Europeans remain committed to working together to get out of the crisis.
Research reveals Europeans refuse to blame ordinary people in countries like Greece for the crisis—but think our politicians have seriously lost touch.
Fear of falling into poverty is the greatest worry for Europeans right now.
Despite the different challenges facing European nations, the large majority of Europeans believe that standing in solidarity and working together is the best way of getting out of the current crises facing the continent. Two thirds (67 percent) of Europeans surveyed say countries in Europe must show solidarity and work together in order to tackle current economic and social challenges. In sharp contrast, only a third (33 percent) of Europeans believe countries should prioritize national self-interests instead.
The research, carried out as the crisis in Cyprus was beginning to escalate, was commissioned by the Open Society Foundations, an organization founded by George Soros which works to promote fairer and more open societies. The research surveyed over 4,000 Europeans in France, Germany, Italy and Spain and coincides with the launch of a two-minute film that calls for solidarity in Europe which can be viewed on www.solidaritynow.org.
“As our interdependence becomes ever clearer, more and more Europeans realise that we will only get out of this crisis together, not apart,” commented Jordi Vaquer, director of the Open Society Initiative for Europe. “But this solidarity is in real danger of being permanently undermined. Our research also shows that 85 percent of Europeans surveyed feel that European unity and solidarity has been severely or permanently damaged by the economic crisis.”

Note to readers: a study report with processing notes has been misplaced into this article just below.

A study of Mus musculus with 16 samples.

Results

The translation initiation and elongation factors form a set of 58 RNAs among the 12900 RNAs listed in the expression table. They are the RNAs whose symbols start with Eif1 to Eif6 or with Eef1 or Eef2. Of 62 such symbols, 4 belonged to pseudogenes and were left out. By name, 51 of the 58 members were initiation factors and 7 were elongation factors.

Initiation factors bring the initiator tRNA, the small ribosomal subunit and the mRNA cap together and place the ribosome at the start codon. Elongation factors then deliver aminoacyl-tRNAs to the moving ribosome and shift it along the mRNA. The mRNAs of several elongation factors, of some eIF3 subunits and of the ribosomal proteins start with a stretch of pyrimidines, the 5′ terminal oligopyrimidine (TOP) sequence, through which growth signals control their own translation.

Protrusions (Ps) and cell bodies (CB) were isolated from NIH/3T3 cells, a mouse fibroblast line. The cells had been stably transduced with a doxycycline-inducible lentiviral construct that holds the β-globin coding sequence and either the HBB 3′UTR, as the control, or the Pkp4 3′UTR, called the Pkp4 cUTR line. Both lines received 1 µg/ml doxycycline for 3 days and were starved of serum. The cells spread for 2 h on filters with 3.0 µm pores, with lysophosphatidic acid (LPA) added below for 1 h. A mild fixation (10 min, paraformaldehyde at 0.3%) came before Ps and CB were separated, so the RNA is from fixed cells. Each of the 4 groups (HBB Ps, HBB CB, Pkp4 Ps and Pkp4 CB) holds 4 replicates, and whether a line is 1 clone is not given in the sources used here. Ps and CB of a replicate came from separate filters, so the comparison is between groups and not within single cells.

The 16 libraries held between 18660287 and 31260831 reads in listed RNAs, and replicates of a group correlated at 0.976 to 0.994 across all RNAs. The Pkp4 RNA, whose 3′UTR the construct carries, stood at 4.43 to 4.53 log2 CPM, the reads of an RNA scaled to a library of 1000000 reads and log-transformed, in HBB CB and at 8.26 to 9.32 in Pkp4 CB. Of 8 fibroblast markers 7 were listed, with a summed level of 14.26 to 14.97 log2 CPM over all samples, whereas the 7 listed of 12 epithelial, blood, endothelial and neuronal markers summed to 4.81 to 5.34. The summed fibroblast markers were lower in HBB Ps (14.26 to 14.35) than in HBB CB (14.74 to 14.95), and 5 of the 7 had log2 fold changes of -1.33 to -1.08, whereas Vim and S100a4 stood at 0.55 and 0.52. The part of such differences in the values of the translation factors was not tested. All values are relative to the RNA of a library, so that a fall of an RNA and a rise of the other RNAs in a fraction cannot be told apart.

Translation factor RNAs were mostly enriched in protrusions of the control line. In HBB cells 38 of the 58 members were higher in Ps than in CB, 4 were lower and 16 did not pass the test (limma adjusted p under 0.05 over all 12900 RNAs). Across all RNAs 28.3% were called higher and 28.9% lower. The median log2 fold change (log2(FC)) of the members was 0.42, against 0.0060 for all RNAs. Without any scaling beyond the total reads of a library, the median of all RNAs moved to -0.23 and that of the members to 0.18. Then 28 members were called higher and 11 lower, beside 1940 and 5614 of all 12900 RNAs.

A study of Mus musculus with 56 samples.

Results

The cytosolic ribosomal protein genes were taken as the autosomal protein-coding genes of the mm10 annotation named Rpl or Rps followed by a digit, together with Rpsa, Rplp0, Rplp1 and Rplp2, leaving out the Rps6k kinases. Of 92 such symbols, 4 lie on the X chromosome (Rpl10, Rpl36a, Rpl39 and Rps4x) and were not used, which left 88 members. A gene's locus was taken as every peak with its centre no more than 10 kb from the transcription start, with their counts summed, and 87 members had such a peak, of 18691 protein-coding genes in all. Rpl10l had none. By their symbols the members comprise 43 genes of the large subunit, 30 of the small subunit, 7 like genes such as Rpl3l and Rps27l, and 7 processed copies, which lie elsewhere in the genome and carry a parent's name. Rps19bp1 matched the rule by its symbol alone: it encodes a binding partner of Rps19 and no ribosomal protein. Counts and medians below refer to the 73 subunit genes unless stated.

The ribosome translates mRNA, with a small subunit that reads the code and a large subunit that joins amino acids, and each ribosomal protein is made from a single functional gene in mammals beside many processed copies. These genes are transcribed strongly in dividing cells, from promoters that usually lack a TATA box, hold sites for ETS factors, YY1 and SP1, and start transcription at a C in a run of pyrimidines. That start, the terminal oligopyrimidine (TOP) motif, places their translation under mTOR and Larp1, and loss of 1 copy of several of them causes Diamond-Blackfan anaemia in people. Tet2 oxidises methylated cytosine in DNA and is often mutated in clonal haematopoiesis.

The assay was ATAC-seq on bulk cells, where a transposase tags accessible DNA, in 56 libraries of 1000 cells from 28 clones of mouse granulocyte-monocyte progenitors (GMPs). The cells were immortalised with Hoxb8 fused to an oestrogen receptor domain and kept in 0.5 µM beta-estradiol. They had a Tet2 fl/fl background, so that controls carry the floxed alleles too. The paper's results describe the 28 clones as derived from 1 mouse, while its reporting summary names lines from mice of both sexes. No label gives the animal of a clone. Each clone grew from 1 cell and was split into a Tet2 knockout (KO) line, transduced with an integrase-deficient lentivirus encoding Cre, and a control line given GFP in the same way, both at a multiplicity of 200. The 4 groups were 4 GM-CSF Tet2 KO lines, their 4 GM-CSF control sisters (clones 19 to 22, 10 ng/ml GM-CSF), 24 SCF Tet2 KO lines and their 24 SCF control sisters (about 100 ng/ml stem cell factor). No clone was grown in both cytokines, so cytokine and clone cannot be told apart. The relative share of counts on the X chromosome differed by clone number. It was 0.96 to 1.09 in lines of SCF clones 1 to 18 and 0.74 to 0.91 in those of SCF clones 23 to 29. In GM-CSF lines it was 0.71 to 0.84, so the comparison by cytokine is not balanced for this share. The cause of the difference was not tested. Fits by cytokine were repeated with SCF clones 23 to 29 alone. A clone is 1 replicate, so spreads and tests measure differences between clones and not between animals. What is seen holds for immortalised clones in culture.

Open Society Foundations’ research reveals that people across Europe refuse to blame ordinary people in countries such as Greece for the crisis. Three quarters (74 percent) of Europeans surveyed agree that ordinary people in countries like Greece are unfairly suffering the consequences of a crisis that they didn't create. However, an overwhelming 92 percent believe politicians across Europe have lost touch with the suffering of ordinary people in the wake of the financial crisis.
“Solidarity among ordinary people in Europe is at real risk,” commented Vaquer. “People across Europe clearly identify with one another and recognize the social and economic pressures we face. But continuing to demand such a high price from ordinary Europeans to get out of this crisis is killing, not saving, European unity.”
Fear of poverty brought on by lower wages and rising prices is the greatest worry of over 70 percent of Europeans surveyed. Country specific concerns also emerged; in Germany, concern is high (35 percent) over increased disagreement or tension between different European countries; in Italy, the impact of the crisis on young people is a major worry with high unemployment and reduced opportunities for young people ranking in the country’s top three concerns.
1. Solidarity Now is a network of organizations in Greece, begun by Open Society Foundations, working together to tackle the effects of the crisis on the country’s most vulnerable.
2. This research was carried out by Populus Data Solutions and fieldwork was conducted March 15 to 18 2013.
3. The findings above are based on data from France, Germany, Italy and Spain.
4. 5,103 people in total were surveyed; 1,036 people in France; 1,002 people in Spain; 1,013 in Germany; 1,030 in Italy; 1,022 in the UK. Representative samples were surveyed in all countries.